Old 01-30-12, 02:53 AM
  #1  
androidtt

So, I've preordered a tri-bike (SHIV Comp) and am pretty much set until the day it arrives. But I'm still questioning myself on the sizing which I can change up until the finalized date of 2/15. I'm not sure if this is strictly a triathlon thing, but I got a FIST fitting and according to it... My reach is 398 and my stack is 528. This puts me right around a Medium SHIV Comp (405/540; a difference of 7/12). The problem is that my standover height is 770ish in flat sandals and the Medium is 797. I demoed a Medium and needed to be standing on my cleats to stand over the bike.

So that led me to order a Small which is 385/515/772 (respectively). In that case I'm off 13/13 in the stack/reach department. Question: Which one of these numbers is more important? Do I sacrifice that extra 6mm/1mm difference for standover height? Will it even matter in a race situation? Is trending towards the smaller bike better anyways?

Thanks ahead of time. I got one good opinion on the question and was wondering if BF's racers could provide some input too.
The low-in-front apparently more than cancels out the added size of the bike.

Now, not everyone would agree with that methodology, but that's probably what the FIST folks are going by.

If your bike is primarily for riding, and it works well for that, I'm unsure why you'd want a size that fits less well, just to improve your ability to throw a leg over it.
IMO, reach is a good bit more important as it is more likely to affect steering & balance on the bike. Lots of fast folks run their Shiv TT with a spacer stack, so there's less worrying on that end.
I'm assuming that you want to run all the equipment in the Shiv TT module (aerobars/stem/etc)... do you get multiple stem lengths & angles with the module?

I've done multiple fitting on tri and TT folks, quite a bit of the time I end up custom fabbing arm rests.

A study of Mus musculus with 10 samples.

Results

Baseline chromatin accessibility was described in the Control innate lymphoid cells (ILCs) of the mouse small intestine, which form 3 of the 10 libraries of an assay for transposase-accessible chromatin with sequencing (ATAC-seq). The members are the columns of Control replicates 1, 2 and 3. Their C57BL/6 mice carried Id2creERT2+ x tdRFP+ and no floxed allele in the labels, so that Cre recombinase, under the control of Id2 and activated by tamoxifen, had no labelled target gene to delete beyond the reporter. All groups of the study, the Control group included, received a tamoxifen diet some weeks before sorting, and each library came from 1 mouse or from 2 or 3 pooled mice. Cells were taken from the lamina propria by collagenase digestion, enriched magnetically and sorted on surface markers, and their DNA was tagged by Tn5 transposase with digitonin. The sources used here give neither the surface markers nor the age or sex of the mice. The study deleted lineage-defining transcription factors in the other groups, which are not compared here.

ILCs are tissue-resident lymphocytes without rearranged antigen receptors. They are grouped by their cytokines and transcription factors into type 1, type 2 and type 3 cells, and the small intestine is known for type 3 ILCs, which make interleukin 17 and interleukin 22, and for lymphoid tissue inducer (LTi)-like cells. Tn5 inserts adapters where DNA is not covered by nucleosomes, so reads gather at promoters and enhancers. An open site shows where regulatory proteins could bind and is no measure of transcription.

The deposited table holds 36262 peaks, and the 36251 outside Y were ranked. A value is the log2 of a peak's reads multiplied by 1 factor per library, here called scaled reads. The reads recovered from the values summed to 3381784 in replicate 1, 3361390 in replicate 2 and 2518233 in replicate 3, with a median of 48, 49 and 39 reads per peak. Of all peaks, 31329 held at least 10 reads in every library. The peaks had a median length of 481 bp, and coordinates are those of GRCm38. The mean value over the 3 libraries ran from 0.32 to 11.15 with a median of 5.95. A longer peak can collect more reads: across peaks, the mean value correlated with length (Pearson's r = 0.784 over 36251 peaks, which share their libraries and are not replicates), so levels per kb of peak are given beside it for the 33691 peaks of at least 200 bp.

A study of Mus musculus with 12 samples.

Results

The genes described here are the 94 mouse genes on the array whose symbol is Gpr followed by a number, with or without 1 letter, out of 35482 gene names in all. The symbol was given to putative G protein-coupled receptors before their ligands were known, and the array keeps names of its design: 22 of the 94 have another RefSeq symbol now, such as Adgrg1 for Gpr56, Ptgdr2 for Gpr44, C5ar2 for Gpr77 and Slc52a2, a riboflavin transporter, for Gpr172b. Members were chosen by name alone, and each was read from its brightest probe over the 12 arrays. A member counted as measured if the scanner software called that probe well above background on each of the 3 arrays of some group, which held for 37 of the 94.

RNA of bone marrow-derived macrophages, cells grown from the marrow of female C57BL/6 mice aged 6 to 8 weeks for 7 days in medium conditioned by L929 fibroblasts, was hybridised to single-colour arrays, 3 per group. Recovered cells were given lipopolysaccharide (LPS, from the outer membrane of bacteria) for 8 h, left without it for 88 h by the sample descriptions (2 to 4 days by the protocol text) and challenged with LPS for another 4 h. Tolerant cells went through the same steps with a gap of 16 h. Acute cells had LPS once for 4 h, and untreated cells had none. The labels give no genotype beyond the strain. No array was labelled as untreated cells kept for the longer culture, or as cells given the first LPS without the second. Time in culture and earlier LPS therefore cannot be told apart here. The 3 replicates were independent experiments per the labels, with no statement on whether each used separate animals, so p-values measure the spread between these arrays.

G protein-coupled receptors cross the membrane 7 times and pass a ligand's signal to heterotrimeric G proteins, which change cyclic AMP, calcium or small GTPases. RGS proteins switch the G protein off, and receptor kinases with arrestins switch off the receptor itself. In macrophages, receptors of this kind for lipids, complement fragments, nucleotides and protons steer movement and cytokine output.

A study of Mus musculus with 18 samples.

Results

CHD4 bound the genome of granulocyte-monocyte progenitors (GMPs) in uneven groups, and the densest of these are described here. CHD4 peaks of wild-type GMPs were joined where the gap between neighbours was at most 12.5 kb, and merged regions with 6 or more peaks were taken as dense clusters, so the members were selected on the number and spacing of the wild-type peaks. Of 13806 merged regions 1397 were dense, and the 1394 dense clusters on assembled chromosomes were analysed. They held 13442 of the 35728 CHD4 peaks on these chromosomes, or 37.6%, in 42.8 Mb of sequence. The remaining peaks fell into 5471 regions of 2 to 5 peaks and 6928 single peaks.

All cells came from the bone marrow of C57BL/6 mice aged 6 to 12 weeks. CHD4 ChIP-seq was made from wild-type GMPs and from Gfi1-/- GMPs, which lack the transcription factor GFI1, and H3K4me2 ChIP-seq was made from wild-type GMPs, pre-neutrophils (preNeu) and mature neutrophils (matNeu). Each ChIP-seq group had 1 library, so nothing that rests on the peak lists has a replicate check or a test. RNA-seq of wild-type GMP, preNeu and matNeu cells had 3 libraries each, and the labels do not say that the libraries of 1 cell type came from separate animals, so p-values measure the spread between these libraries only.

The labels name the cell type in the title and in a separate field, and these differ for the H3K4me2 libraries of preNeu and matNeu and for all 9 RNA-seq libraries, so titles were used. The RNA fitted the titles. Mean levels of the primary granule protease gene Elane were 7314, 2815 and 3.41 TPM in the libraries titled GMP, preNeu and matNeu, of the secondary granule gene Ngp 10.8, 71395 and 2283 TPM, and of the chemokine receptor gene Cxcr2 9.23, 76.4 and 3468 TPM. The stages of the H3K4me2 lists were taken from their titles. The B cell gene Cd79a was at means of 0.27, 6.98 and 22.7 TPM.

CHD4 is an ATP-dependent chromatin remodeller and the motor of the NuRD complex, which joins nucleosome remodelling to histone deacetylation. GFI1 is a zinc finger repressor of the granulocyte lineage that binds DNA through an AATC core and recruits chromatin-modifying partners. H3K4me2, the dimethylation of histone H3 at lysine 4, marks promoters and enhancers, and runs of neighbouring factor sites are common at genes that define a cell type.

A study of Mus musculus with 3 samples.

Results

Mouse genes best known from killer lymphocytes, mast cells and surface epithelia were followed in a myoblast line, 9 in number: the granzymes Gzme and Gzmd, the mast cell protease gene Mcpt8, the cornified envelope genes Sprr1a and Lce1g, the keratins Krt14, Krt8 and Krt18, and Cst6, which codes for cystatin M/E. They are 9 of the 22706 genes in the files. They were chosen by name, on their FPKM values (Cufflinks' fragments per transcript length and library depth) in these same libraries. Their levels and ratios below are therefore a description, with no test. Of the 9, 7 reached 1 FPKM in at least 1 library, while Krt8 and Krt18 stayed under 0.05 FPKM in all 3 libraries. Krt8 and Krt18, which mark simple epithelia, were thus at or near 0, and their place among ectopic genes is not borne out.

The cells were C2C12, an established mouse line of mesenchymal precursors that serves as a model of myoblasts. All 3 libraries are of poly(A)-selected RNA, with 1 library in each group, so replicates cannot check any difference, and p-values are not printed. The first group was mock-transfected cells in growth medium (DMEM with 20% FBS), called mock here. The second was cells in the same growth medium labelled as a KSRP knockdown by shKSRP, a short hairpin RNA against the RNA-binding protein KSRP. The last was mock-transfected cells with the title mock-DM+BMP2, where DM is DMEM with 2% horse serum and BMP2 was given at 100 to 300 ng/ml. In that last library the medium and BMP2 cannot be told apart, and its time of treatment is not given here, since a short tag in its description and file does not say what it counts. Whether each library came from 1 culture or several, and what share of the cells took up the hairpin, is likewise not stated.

Rule of thumb is that they are mostly too far forward.

Confused on why a larger frame would provide a lower position given that head tube length goes taller as the frames go bigger.
Confused on why a larger frame would provide a lower position given that head tube length goes taller as the frames go bigger.
I think they mean that you want the largest size headtube for your fit, because the shaped headtube is more aero than round spacers.
I think they mean that you want the largest size headtube for your fit, because the shaped headtube is more aero than round spacers.
Thanks.
I think they mean that you want the largest size headtube for your fit, because the shaped headtube is more aero than round spacers.
Doesn't the Shiv have super aero spacers though? I remember seeing somewhere that it was fastest with the pads on the bar or with 2+ inches of spacers, but that could have been the Speed Concept.

Oh, it's actually the SHIV-Tri version. Yes, it will come with a heap of spacers and the adjustibility of the front-end is suppose to be extremely accomodating. Still deciding on whether to get a higher version to have an integrated stem/handlebar + better components.
I think they mean that you want the largest size headtube for your fit, because the shaped headtube is more aero than round spacers.
Yep... horizontal stem, no spacers is best.
A spacer instead of headtube is probably some dumb difference like 2 seconds over 40k that aero weenies lust over, but the aero difference in position ins measured in minutes.
Originally Posted by Racer Ex View Post
...look at top tube length; specifically where you'll place the arm rests relative to saddle. This is the foundation of a comfortable, stable, and efficient position. Upper arms do best at around a 90 degree angle to the ground, and/or the arm rests depending on position of the extensions. The goal is to not have to use any muscle tension to sit on the bike.

I've done multiple fitting on tri and TT folks, quite a bit of the time I end up custom fabbing arm rests.

Rule of thumb is that they are mostly too far forward.
there you have it.
For the new super-bikes, Tom D (founder of FIST fitting protocol) advocates getting the larger model, so that it can be run with as low in front as possible.
The low-in-front apparently more than cancels out the added size of the bike.

Now, not everyone would agree with that methodology, but that's probably what the FIST folks are going by.

If your bike is primarily for riding, and it works well for that, I'm unsure why you'd want a size that fits less well, just to improve your ability to throw a leg over it.
IMO, reach is a good bit more important as it is more likely to affect steering & balance on the bike. Lots of fast folks run their Shiv TT with a spacer stack, so there's less worrying on that end.
I'm assuming that you want to run all the equipment in the Shiv TT module (aerobars/stem/etc)... do you get multiple stem lengths & angles with the module?
he's talking about the 2012 shiv tri. the 2012 shiv TT is a different beast.